Security company slams Apple for inconsistent patching

Security company slams Apple for inconsistent patching

The anti-malware software maker Malwarebytes has criticized Apple for using an “inconsistent” patching process. The security company wrote in a blog post that the iPhone maker’s “behaviour” is leading to bad security consequences. 

The blog post written by the director of Mac and mobile at Malwarebytes, Thomas Reed, details Hong Kong’s watering hole campaign. Several people in Hong Kong were affected by macOS exploits that specifically targeted the visitors of media outlets and pro-democracy political organizations.

A single exploit chain found by Google’s TAG

It was Google’s Threat Analysis Group (TAG) that first reported the watering hole attacks that targeted Hong Kong residents. The vulnerabilities in macOS are reportedly found to be a single exploit chain. One of the attacks was based on the flaw in Webkit – remote code execution (CVE-2021-1789) – and the other – an XNU privilege escalation vulnerability. 

According to Reed, Trojan was used to attack the specific set of people of Hong Kong. He also added that both attacks have been around since 2019 without having been detected.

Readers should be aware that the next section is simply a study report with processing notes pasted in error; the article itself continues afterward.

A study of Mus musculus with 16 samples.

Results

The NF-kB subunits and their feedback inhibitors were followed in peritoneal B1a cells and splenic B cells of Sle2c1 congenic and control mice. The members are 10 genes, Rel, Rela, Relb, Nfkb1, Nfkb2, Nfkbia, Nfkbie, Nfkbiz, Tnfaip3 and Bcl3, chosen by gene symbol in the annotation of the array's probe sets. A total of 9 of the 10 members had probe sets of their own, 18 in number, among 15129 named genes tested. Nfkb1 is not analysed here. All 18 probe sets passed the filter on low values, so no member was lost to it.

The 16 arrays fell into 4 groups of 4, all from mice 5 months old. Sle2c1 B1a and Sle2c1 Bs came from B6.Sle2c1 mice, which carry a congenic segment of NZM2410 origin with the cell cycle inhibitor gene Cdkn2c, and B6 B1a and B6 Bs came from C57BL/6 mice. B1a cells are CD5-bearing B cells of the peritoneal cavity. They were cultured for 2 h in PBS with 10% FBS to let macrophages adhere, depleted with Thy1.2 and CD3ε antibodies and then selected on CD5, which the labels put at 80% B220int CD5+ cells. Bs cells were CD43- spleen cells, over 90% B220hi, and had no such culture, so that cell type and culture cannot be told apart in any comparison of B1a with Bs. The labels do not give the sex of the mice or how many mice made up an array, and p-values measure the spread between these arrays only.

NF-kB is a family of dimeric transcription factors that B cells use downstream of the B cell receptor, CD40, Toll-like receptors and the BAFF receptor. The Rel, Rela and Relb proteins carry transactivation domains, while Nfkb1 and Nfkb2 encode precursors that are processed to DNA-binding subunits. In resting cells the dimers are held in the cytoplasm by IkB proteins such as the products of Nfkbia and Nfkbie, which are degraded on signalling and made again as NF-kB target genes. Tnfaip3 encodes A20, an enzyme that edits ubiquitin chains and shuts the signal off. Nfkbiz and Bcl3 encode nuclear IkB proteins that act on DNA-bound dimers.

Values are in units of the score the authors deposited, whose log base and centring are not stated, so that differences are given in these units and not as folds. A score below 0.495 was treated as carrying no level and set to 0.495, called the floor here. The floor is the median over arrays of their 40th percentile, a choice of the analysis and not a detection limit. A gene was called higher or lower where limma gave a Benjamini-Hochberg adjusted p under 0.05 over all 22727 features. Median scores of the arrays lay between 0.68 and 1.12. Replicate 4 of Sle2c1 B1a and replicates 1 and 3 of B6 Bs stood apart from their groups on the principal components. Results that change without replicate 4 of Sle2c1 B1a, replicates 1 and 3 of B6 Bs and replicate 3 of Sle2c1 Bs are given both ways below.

Security company slams Apple for inconsistent patching
Security company slams Apple for inconsistent patching

“The same bug apparently existed in Catalina, which remained unpatched seven months after Apple released the patch for Big Sur, and more than five months after the details had been released at Zer0con,” Reed wrote in the blog post published by Malwarebytes. “This allowed attackers to target individuals running Catalina and Safari 13 without detection.”

While Aple has been releasing patches for its macOS versions. The company has not been doing so in an inconsistent manner – taking months to release the patch for the older versions of desktop operating system.

“To protect our users, TAG routinely hunts for 0-day vulnerabilities exploited in-the-wild. In late August 2021, TAG discovered watering hole attacks targeting visitors to Hong Kong websites for a media outlet and a prominent pro-democracy labor and political group,” reads the blog post published by Google’s TAG. “The watering hole served an XNU privilege escalation vulnerability (CVE-2021-30869) unpatched in macOS Catalina, which led to the installation of a previously unreported backdoor.”